It seems like we're hearing about disputes between auto manufacturers and dealerships on almost a daily basis. Hyundai recently issued a warning about excessive pricing, joining Ford and General Motors in addressing shady dealer practices that could hurt automakers. The latest comes from Infiniti, but this time the concern isn't about gratuitous cash grabs before a purchase. It's about cash grabs after the contract is signed.
We first heard about this through Cars Direct, which cited a letter from Infiniti Financial Services to dealerships. The subject of the letter detailed some nefarious actions against folks trying to buy the Infiniti vehicle they were leasing. Rather than sticking to the terms spelled out in the contract, some dealerships have allegedly added new fees or flat-out refused to honor the preestablished buyout price.
Apparently, some dealerships even refused a buyout completely, forcing the lessee to either start a new lease or buy another car. And we all know what the market is like right now for both new and used cars.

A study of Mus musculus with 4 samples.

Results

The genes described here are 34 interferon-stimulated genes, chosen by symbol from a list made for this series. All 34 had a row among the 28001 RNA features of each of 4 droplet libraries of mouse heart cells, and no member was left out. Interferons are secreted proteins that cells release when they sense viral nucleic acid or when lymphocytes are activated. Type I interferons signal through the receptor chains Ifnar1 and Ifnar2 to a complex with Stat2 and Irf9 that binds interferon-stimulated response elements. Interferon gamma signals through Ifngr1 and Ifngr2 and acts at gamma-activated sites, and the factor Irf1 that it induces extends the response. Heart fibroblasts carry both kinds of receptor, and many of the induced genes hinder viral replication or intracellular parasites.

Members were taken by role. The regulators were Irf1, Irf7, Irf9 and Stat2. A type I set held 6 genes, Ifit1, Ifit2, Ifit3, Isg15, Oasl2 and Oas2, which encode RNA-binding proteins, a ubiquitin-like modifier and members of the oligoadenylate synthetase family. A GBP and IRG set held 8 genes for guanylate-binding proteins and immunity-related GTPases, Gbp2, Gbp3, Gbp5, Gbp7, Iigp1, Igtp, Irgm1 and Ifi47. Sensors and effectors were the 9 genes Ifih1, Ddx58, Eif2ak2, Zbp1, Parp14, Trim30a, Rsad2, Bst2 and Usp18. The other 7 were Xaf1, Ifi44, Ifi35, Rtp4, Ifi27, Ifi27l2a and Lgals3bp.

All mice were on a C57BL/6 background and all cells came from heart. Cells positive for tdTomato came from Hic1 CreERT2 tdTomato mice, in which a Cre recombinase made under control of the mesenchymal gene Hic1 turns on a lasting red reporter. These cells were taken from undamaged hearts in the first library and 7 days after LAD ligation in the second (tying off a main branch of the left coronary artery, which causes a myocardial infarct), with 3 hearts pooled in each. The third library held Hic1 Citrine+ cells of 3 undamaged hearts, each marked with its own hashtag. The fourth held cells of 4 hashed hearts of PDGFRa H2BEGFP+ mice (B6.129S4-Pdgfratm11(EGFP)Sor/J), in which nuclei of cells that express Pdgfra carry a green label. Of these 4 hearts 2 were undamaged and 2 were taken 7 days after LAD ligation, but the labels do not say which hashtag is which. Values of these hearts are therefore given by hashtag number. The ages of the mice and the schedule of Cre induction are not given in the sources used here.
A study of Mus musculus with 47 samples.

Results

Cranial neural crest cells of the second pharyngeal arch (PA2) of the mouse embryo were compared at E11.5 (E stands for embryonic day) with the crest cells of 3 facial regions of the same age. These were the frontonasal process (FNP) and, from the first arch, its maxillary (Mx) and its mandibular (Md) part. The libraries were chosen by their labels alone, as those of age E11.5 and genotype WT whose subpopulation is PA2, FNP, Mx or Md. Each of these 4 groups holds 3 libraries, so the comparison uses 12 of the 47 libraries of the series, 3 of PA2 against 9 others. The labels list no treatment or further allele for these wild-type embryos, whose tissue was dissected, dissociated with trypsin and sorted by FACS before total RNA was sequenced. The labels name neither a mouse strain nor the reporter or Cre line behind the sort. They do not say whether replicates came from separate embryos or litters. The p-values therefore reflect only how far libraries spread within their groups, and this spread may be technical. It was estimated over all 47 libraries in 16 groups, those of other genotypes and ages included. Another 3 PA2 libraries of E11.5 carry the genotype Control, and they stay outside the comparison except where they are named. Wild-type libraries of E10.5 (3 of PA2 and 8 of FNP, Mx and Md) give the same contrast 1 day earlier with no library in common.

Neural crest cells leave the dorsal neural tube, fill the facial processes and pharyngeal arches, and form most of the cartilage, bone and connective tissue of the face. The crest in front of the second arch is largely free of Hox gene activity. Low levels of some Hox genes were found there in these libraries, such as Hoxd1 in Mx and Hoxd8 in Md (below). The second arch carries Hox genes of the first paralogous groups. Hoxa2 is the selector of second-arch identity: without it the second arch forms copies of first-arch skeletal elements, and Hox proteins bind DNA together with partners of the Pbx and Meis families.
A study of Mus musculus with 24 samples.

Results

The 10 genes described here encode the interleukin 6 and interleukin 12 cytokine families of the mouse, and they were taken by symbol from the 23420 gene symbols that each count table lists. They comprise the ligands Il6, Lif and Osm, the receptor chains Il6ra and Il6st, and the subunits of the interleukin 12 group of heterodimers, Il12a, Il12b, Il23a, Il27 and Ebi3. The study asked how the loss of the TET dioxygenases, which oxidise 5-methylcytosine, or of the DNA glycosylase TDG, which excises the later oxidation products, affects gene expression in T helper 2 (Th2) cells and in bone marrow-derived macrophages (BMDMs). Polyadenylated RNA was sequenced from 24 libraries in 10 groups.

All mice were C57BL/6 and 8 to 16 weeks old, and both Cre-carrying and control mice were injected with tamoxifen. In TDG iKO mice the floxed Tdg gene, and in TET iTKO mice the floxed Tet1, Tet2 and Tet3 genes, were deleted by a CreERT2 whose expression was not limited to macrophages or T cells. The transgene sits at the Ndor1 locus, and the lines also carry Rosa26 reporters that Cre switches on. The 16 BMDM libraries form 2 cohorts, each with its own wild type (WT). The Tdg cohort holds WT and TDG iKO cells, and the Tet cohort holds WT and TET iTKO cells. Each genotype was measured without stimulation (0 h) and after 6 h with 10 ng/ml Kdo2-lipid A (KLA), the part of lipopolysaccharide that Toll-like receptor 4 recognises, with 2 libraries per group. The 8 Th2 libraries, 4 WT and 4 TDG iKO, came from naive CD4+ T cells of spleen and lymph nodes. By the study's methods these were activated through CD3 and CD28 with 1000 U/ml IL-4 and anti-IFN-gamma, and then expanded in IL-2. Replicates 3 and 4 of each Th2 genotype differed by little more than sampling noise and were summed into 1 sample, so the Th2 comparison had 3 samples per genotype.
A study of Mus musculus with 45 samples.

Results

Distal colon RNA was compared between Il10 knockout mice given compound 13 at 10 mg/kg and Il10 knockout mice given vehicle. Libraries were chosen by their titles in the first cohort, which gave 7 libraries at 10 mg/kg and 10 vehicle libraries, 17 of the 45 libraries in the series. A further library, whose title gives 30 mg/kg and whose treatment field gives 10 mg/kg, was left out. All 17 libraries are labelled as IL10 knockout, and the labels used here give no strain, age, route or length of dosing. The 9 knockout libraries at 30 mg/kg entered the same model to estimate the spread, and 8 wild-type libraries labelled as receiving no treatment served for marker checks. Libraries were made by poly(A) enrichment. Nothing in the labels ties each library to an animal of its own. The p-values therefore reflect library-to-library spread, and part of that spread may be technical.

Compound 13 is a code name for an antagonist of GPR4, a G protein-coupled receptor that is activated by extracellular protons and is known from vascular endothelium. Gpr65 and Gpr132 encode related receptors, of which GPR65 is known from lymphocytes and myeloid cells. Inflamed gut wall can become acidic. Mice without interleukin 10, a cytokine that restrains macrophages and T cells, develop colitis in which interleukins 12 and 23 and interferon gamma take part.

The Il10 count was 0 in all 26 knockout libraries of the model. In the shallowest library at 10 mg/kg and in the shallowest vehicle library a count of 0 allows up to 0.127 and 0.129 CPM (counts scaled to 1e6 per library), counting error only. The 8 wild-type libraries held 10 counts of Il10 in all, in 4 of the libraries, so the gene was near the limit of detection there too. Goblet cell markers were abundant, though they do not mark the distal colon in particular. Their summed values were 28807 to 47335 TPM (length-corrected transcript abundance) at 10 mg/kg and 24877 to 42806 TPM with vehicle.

"Infiniti clients who have financed their lease with Infiniti Financial Services (IFS) may decide to purchase their vehicle at the predetermined purchase option price contained in their lease plus any incidental charges necessary to complete the transaction as identified in the agreement," said Infiniti in an email statement to Motor1.com. "We expect Infiniti Retailers to honor the lease agreement. Additional information for IFS lessees is available at https://www.infinitiusa.com/owners/benefits/end-of-lease.html, and clients may also contact IFS at 800-887-5159 with questions about their purchase options."
Infiniti's efforts to quell unscrupulous dealers also extend to third-party deals regarding leasing and financing, with the automaker saying it expects dealerships to honor those contracts as well. According to Cars Direct, locations that don't play nice could be subject to funding delays or omitted from participating in automaker purchasing/leasing programs.